Hopewell Cahokia and Other Mound Builders

The excavation of two buried, gigantic Earth images of snakes (called the Kern effigies) has provided us with figures that are unmodified, unlike the badly damaged surface features. One of these is aligned (whether deliberately or not) on the winter solstice rising Sun, and the other on the summer solstice rising Sun. They belong to the Fort Ancient culture of ~1100-1200 a.d. See White (1987) for a fuller discussion.

An unusual duo of scholars, a philosopher, Horn, and a physicist, Hively, became interested in archaeoastronomy and have worked particularly on two Hopewellian sites, the Newark earthworks and the Highbank site (Hively and Horn 1982,1984; Horn and Hively 1994). Each of these sites contains, with other features, an equilateral octagon joined by a short avenue with a circle. The size of the two circles is nearly identical (they measured 321.3 m for the Observatory circle at Newark and 320.6 m for the Highbank circle). However, the Newark octagon is substantially larger than is its counterpart at Highbank. At Newark, the octagon is generally northeast of the circle; at Highbank, it is southeast, rotated by about 90° (the azimuths of the connected avenues are 52°0 at Newark, and 143°3 at Highbank for a difference of 91°3). At Newark, Hively and Horn found no evidence for any solar alignments, but massive evidence for alignments to lunar rise and set points at both the northern and southern maximum extreme positions and at both northern and southern minimal extreme positions (i.e., major and minor standstill lunar rise and set positions). Several of these alignments were repeated in different contexts and all together are convincing. Despite the change in orientation of the Highbank octagon, they found the same alignments were present there, although in different patterns. At Highbank, they also found alignments to the rise points of the Sun at both the winter solstice and the summer solstice. The two sites are about 60 miles apart, and Bradley Lepper has argued that the two areas are connected over much or all of the distance by an extremely straight road defined by two walls about a meter high and separated by somewhat less than 60 m. Over the most clearly defined part of its course, it has a bearing of 31° west of south, which Lepper has associated with the rising of Capella between about 100 b.c. and 100 a.d.—within the range of dates in which Hopewellian sites were constructed and therefore a reasonable but far from certain range of dates for these ruins.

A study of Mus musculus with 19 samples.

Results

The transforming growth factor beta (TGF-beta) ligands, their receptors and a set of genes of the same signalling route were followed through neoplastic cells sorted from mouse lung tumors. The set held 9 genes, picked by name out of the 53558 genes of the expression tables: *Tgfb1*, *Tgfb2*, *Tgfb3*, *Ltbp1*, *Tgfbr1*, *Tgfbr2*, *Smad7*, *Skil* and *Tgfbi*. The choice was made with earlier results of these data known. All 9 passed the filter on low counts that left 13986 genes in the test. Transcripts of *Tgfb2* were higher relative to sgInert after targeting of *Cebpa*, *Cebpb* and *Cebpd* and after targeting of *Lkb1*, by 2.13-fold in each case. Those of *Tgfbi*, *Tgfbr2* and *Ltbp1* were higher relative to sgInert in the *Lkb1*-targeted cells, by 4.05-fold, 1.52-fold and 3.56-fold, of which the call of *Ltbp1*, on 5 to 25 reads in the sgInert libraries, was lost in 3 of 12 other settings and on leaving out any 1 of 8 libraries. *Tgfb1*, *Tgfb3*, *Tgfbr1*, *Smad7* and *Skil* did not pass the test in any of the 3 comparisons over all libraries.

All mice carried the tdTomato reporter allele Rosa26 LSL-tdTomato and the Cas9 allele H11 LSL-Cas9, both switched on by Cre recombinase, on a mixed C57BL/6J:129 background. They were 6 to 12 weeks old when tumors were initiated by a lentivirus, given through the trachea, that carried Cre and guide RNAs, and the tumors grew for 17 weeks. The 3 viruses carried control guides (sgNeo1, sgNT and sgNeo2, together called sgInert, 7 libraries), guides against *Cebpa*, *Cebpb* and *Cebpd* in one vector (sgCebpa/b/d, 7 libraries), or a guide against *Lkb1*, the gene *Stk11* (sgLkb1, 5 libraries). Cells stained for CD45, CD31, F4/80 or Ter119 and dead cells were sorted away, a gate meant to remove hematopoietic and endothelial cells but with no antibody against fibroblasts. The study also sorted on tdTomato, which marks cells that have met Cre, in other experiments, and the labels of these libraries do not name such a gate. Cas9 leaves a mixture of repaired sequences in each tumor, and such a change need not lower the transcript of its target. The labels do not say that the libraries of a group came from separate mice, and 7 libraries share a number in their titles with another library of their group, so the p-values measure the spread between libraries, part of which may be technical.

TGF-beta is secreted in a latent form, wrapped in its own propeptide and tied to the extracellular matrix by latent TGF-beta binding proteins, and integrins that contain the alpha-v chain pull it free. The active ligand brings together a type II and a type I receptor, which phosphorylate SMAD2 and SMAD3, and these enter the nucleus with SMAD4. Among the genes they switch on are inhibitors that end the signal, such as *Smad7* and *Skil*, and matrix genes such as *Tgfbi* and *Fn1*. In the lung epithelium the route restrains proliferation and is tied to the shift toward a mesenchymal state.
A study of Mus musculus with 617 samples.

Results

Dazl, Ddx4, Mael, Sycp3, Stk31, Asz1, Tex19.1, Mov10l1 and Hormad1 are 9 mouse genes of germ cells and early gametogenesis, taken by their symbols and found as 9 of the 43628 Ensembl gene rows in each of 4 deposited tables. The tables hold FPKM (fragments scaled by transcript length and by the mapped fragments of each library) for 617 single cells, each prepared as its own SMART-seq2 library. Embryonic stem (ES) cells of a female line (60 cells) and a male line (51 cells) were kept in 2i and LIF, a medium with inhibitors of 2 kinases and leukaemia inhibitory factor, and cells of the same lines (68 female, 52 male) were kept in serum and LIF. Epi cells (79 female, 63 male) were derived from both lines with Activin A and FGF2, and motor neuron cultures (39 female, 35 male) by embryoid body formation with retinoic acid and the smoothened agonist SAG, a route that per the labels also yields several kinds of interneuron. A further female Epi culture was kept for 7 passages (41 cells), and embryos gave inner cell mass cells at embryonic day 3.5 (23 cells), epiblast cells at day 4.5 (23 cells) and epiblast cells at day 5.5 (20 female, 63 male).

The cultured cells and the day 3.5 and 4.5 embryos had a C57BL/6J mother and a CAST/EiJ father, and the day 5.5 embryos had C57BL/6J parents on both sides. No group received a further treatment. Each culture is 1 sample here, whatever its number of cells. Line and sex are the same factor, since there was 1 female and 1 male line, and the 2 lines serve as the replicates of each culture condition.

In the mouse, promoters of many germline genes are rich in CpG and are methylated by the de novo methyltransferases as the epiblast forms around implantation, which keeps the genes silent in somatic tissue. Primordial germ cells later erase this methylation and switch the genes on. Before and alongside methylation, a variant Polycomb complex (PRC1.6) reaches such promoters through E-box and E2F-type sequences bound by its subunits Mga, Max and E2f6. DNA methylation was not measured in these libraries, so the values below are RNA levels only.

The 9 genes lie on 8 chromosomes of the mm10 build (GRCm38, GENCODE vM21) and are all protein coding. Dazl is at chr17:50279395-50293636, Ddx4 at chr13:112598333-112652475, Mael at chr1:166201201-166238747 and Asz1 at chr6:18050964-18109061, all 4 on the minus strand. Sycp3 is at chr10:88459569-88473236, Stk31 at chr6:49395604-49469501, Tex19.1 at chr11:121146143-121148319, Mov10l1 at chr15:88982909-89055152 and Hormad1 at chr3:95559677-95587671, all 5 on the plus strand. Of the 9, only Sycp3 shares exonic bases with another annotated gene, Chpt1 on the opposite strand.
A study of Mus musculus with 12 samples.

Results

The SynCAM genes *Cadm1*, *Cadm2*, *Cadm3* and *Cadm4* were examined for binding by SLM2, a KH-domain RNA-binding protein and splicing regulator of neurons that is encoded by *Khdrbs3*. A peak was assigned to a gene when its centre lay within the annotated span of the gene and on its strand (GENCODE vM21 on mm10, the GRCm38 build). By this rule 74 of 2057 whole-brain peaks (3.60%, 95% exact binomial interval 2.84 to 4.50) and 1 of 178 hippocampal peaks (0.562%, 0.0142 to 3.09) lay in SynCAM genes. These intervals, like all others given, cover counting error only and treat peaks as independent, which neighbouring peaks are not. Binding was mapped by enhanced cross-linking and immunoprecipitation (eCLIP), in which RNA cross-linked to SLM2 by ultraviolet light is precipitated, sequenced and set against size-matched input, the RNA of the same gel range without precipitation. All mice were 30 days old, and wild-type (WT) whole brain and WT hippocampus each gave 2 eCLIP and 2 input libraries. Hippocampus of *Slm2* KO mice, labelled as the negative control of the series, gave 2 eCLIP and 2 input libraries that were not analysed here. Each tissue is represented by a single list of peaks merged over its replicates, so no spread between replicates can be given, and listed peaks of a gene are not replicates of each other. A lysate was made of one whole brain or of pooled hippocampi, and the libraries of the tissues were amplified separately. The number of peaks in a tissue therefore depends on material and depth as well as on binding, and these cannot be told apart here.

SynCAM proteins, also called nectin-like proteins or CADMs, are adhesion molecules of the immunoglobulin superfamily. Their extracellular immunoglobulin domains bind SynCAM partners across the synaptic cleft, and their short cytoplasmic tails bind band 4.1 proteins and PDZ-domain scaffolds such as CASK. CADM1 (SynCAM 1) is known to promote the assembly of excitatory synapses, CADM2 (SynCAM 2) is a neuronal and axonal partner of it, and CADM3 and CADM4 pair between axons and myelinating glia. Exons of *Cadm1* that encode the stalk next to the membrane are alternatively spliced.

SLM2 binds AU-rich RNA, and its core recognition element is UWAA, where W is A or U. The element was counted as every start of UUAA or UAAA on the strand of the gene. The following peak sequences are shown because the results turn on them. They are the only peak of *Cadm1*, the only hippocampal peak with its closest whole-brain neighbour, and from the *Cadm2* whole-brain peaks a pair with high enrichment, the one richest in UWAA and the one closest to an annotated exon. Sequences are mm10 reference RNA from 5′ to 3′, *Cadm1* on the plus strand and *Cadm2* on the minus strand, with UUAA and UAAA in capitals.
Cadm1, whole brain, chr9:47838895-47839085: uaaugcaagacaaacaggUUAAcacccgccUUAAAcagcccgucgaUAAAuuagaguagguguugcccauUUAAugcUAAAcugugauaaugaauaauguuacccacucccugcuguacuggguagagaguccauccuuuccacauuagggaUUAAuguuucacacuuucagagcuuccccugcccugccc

Proposed archaeoastronomical alignments in earthworks of northern and eastern North America have been examined in some detail by James Marshall (1995 and references cited therein). Marshall has surveyed more than 220 sites (about half in Ohio) and collected data on 150 others. He shows that many earthworks are oriented (with as high precision as is possible without modern instruments) to the cardinal points but finds no evidence for any other alignments. Marshall presents evidence that complex geometric figures were sometimes replicated with high fidelity at different sites but with different orientations. Thus, the Hopewell period site at Newark, Ohio, with a center line azimuth of 52°. 08, is a close replica of the Seip Work site in Ross Co., Ohio, with a center-line azimuth of 91°40. Marshall has inferred that a unit of measure close to 57 m was in widespread use at sites throughout eastern North America. Marshall's work (1995) has shown that the maps published by Squier and Davis (1848) are seriously in error, in some cases by more than 30°; so that any claimed alignments based on Squier and Davis maps are, therefore, untrustworthy. They do not need additional discussion here. We are also in agreement with

Marshall's criticisms of the Cahokia "Woodhenge" interpretation. We do not share Marshall's belief that the sophisticated geometry of the sites precludes astronomical intent, but we do share his views that only accurately surveyed sites provide a basis for archaeoastronomical work and that similar sites should show comparable interests (although not necessarily identical alignments) in terms of astronomical interpretations.

Allegations that the Great Serpent Mound was built shortly after a specified locally visible eclipse are silly. The frequency of eclipses is greater than the precision of our dating techniques for these earthworks; so any earthwork was always built "shortly after" a local eclipse.